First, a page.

Remember that real estate recovery so many experts have been talking about lately? I believe it was the latest Housing Starts Report that got the premature ball rolling most recently. Or it may have been the "happy" measure of home builder sentiment reported the day before. Well, data reported over the last week begs to differ, as does the macroeconomic backdrop.
Recent reports were mixed in making the case for and against a near-term real estate revival.
Pros - Recovery
Cons - Recovery
Housing Market Index?
Existing Home Sales
New Home Sales
FHFA Home Price Index?
Pending Home Sales
PulteGroup (PHM) EPS?
Ryland Group (RYL) EPS
The reason I placed question marks after all four of the positive data points is because I don't even see those as positive. I covered the supposed enthusing Housing Market Index, which the popular press promoted as a positive sign, in my article entitled Builder Confidence Will Prove Fleeting. Truth be told, what was touted as confidence better reflects a milder state of depression. The index improved six points, but reached a mark of 35, 15 points short of the point that delineates between positive and negative sentiment.
The argument against the Housing Starts data is a little harder to see because starts increased 6.9% in June on their way to an annual pace of 760K. Single-family starts rose 4.7%, reaching 539K. That's good enough news if that were all the news, but unfortunately it's not. You see, Building Permits, a forward looking indicator for future starts, declined 3.7% in June to an annual pace of 755K. Permits for single-family projects only edged up 0.6% to 493K. Meanwhile, starts got a big lift from multi-family projects of 5 units or more, with those rising 17%. If it's a Renter Nation we are inheriting, well then this is not good news for America in my view.
After a real nice rally that caught fire last fall, along with stocks generally, the SPDR Homebuilders ETF (XHB) recently reflected a reconsideration of real estate recovery. Those last two data points just debunked here, or at least placed into question, have helped to put support under the industry. However, it's misplaced and mistimed in my view.
While performance has been mostly positive, not every publicly traded builder has done well over the last month. You can see here that while Toll Brothers (TOL), KB Home (KBH), Lennar (LEN) and PulteGroup have done well, Hovnanian (HOV), Beazer Homes (BZH), and lately Ryland Group have underperformed.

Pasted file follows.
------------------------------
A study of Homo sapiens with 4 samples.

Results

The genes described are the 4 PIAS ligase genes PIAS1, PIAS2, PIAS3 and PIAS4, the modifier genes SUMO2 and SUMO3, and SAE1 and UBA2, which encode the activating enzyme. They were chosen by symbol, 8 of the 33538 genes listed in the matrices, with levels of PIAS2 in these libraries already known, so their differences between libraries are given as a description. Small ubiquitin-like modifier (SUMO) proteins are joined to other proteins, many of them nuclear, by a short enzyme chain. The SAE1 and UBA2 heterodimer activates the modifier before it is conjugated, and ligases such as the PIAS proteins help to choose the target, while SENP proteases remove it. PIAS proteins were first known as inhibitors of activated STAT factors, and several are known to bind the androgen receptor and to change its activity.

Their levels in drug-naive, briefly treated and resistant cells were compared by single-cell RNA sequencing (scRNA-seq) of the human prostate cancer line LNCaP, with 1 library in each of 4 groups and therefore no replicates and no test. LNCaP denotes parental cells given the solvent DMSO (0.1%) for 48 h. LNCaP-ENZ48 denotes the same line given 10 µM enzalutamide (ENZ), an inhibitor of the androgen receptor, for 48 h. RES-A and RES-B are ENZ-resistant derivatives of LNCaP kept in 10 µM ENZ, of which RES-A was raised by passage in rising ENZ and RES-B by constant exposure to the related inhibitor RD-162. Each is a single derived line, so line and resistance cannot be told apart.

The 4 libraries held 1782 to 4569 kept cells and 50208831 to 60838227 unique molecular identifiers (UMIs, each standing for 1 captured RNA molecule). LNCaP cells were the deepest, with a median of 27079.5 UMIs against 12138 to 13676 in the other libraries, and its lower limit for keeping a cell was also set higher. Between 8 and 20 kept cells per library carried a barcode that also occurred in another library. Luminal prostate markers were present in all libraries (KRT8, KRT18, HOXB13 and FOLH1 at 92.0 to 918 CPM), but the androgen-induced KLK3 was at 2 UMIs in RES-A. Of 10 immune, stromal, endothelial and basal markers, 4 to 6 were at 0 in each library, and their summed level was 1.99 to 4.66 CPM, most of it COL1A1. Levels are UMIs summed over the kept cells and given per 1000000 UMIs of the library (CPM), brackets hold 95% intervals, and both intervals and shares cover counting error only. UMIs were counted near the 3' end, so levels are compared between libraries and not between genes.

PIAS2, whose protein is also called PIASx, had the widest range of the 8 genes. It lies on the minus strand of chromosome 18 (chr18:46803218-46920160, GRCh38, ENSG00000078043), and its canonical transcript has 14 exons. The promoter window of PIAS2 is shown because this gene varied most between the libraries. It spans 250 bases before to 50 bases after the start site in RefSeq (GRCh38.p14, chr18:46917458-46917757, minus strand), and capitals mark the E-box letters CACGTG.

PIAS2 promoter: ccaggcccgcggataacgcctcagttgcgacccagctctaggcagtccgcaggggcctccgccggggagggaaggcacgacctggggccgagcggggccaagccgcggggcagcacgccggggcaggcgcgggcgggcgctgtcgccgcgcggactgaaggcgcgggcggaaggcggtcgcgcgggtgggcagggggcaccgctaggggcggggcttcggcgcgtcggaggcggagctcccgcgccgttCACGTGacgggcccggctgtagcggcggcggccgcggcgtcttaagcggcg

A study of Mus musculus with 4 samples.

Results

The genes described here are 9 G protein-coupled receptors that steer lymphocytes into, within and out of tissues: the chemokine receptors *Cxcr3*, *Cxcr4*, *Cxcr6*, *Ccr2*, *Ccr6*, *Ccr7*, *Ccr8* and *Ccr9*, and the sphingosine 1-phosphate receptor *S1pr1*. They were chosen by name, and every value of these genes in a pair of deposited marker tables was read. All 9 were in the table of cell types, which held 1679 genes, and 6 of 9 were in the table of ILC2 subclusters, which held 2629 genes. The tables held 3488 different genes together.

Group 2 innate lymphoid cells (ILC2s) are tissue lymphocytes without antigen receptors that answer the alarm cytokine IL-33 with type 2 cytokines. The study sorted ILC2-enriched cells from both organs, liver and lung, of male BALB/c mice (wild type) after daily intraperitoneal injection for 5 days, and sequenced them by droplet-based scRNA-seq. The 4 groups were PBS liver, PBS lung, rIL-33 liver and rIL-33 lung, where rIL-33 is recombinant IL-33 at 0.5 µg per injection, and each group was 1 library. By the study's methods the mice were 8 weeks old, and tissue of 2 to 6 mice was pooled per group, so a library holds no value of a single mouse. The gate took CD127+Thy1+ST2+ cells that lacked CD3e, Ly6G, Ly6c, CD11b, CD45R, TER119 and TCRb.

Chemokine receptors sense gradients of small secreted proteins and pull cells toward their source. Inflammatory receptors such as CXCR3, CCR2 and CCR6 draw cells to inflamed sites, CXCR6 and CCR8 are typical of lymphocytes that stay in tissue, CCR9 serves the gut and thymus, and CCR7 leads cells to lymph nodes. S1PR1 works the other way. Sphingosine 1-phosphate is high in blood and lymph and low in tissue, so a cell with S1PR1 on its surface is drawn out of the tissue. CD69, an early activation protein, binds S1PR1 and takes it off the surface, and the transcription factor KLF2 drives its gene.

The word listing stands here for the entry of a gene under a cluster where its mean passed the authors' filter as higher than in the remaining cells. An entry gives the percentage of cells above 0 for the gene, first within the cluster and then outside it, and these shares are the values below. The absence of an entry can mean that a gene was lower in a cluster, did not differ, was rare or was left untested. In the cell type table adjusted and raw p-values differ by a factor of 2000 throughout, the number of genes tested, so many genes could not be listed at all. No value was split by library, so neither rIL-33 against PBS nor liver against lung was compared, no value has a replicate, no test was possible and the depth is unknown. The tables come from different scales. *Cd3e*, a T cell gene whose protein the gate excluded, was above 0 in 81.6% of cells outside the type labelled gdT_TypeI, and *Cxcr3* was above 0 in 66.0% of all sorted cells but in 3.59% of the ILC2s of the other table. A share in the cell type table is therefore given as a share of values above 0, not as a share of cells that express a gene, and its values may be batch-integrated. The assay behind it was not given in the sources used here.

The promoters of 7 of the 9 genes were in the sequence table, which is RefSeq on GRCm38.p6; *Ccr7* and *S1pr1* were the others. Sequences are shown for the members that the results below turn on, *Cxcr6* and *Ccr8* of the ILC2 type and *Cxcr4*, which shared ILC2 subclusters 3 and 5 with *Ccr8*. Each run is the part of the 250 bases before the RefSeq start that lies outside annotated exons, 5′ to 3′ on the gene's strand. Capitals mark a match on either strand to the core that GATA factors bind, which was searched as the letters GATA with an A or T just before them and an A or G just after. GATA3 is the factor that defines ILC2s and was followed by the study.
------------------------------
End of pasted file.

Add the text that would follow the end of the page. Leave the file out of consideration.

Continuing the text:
When Existing Home Sales fell 5.4% to an annual pace of 4.37 million in June, it meant more to mortgage bankers like Bank of America (BAC) and Wells Fargo (WFC) than it did to the new home builders. But when New Home Sales were reported Wednesday down to a pace of 350K in June from 382K in May, well then suddenly the issue was broader reaching. On Thursday, the Pending Home Sales Index, which measures contract signings for existing homes, also slipped 1.4%.
I was an outspoken advocate for homebuilder stocks before the latest rally started, but what changed my feeling for the group was vision for the economic developments that are becoming clear today. While recognizing that the publicly traded and better capitalized larger builders have gobbled up market share from now defunct smaller contractors, my concern is that the cyclical sector should be stymied by the economic recession I see developing. That's why the question mark next to PulteGroup in the table above.
Even so, I've noted that the builder stocks should still offer short-term trading opportunity on select strong earnings news against the deteriorating macroeconomic backdrop acting for the other side of the argument. Yet, I cannot ignore the even tighter lending conditions that I believe will develop soon along with an increase in unemployment and a fogged future for financial markets. However, housing supply may be limited due to the starvation of new construction - I expect demand will also be ratcheted lower - making the equation a more logical one for real estate longs to understand.
All that said, I recommend real estate acquisition now for those who can afford it today and who can qualify for a mortgage, because today's affordability of homeownership will not last forever if my long-term concerns for the dollar prove true. In that case, you will see higher real estate prices, but on inflation that prices most of us out of the market. At that point, too many Americans would have only one option, the renter's burden. So, in fact, I see the deck stacked and stacking against growth in real estate sales.